Simple Minds In the Beginning, Today

Occasionally there comes a once-in-a-lifetime chance to witness a moment in music history – to revisit the past or celebrate the present success of a major band. During March of 2012 at the London Roundhouse theater one of those chances came when we saw Simple Minds perform five tracks from each of their first five records- the 5X5 tour. The show was spectacular, with singer Jim Kerr’s voice in great shape, backed by original guitarist Charlie Burchill, and drummer Mel Gaynor joined by tight backing bass and keys. As promised five tracks from each of their earliest work were performed, highlighting these early, darker, more experimental albums. As presented at the Roundhouse, the band breathed new life into these early songs, so loved by their core fans, and so different from their later rock-oriented work.

In the states, Simple Minds were not well known until and after their fifth album, 1982’s brilliant,  New Gold Dream, which included the singles “Promised You a Miracle” and “Glittering Prize”. It wasn’t until later in 1985 that the band had their first and only #1 single in the states with “Don’t You (Forget About Me)” recorded for the John Hughes film “The Breakfast Club.” Unlike their more commercially successful Irish brethren U2, the Scottish band Simple Minds were prone to more challenging, rambling, avant-garde sounds, presented live by the writhe Kerr. Something about the way Jim fronted this band always appealed to me – he darts in and around the beat, often departing from traditional verse-chorus-verse structures into something like scat punctuated by anthemic calls. Much less direct than U2 and more interesting to these ears. The early work attracted a core of fans, then growing a stronger following in the arena-rock mid 80’s period. Their post-80’s work saw a decline of interest in the US, though they remain ever popular in Europe.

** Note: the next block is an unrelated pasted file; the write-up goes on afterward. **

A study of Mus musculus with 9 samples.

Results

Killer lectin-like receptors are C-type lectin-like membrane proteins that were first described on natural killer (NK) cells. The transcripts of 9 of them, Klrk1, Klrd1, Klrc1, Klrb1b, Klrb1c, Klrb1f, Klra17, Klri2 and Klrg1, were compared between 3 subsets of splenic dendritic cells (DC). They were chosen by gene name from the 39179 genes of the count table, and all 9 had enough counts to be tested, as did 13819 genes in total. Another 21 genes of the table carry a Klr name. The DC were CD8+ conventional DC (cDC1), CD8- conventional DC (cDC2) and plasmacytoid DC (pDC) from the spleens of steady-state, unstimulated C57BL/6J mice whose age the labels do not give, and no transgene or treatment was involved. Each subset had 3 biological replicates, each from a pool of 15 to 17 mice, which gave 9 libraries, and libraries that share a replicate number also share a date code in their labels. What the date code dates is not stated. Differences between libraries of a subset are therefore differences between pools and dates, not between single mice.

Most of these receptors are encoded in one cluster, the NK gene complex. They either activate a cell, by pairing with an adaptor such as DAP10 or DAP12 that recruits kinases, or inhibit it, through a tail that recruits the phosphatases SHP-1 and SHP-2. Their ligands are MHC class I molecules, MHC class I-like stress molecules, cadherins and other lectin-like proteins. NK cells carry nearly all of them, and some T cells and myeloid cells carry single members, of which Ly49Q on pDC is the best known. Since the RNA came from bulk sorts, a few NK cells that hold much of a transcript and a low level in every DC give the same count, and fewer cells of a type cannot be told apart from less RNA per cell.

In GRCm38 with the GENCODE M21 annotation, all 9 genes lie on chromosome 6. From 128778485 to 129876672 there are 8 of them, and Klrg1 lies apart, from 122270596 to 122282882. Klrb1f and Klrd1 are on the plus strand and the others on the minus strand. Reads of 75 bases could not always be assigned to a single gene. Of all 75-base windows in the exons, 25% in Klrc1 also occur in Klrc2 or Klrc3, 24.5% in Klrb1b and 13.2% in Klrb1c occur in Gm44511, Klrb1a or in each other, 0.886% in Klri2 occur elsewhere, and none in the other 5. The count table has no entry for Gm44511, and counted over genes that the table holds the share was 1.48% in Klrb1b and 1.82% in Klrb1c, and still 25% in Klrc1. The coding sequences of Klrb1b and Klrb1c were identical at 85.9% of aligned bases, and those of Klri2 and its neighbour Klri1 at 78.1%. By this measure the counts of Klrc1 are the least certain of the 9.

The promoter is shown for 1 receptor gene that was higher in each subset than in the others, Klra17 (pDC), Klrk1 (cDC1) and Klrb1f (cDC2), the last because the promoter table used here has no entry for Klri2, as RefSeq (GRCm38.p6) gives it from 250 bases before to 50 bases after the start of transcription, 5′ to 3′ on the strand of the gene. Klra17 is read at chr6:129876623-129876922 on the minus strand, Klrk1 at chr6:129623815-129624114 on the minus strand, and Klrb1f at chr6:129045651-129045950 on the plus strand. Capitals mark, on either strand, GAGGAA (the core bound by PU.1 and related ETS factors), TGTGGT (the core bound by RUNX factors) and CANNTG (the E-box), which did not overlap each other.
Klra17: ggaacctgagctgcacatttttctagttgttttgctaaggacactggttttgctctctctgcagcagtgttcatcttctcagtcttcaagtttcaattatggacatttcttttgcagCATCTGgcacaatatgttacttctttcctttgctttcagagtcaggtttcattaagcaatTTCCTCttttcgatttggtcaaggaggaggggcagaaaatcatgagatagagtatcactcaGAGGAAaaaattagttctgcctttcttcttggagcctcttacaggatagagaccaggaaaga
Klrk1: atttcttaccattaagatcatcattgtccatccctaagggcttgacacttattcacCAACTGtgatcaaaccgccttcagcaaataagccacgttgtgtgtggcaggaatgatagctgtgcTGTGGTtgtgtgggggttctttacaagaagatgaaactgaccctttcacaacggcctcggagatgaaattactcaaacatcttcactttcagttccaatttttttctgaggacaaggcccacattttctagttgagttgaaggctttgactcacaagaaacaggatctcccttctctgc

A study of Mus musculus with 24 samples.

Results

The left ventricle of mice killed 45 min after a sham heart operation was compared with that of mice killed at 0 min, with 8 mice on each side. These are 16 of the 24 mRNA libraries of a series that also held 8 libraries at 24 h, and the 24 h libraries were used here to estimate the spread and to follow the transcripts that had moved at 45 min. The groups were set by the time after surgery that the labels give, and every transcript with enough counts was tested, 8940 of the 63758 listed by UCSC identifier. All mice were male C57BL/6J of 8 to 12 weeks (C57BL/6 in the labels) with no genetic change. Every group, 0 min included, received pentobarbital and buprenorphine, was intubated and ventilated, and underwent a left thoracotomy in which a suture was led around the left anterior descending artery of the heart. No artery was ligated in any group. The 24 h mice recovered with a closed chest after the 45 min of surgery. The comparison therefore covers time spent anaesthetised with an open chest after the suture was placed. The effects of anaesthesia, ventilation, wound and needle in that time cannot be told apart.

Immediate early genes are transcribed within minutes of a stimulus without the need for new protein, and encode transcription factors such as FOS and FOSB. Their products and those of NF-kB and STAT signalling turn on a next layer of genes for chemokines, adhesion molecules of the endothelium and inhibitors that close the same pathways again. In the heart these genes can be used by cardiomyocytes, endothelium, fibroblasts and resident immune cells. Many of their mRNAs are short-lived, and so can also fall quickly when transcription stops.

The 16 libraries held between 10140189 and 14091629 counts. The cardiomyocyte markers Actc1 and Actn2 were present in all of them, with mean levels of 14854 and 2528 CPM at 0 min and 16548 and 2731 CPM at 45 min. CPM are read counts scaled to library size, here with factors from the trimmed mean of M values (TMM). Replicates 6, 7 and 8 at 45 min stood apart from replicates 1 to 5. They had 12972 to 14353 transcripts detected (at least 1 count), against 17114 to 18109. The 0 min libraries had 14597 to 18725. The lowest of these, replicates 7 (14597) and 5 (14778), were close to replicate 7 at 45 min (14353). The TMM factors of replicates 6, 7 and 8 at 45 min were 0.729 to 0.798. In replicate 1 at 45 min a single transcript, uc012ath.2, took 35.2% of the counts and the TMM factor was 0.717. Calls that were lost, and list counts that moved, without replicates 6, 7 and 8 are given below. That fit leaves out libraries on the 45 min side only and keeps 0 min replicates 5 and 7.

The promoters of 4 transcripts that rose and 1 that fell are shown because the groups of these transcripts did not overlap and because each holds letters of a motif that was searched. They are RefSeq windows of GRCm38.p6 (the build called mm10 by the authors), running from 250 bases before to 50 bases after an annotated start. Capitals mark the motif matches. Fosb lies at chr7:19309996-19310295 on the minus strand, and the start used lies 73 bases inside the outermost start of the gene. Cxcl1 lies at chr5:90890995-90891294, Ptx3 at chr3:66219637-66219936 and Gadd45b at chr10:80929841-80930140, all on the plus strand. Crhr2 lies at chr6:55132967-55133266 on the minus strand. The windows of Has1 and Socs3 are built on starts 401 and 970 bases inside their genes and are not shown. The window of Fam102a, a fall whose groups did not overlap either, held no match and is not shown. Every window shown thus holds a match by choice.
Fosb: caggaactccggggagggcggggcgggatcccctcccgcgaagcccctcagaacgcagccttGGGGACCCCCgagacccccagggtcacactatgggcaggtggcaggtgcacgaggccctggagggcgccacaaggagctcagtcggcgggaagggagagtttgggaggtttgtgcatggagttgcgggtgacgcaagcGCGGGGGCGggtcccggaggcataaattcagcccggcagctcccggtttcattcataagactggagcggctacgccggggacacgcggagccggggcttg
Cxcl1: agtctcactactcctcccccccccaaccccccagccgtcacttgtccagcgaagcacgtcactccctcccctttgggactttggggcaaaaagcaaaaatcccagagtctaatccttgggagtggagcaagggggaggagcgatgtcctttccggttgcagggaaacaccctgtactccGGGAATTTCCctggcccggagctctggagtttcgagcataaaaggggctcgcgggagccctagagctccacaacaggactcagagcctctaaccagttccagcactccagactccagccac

The show was made up from only the band’s first five early releases. These albums include 1979’s Life in a Day which broke the band, and was part of the post-punk period. Their second release, also from 1979, Real to Real Cacophony veered into moodier territory, showing off the first of their works driven by minimalist song cycles driven and often fronted by the bass and drum. This was highlighted by the driving tracks “Premonition” and “Changeling.” Their next release Empires and Dance from 1980 incorporated elements of Euro-trance and art-rock typified live by the excellent “Celebrate.” The best of their earliest work comes form 1981’s Sister Feelings Call and Sons and Fascination. These two albums were recorded during the same sessions with progressive rock veteran Steve Hillage and feature “Love Song” and for me the best track of the night “70 Cities as Love Brings the Fall” – a brooding, psychedelic song cycle that predicted the trance movement. Last but not least we heard five from 1982’s “New Gold Dream” with standout track “Hunter and the Hunted.”

The thing that was surprising for me was how fresh and current it all sounded. Possibly skewed by my love of the work, yes, but all in all an incredible night that was a thrill to experience.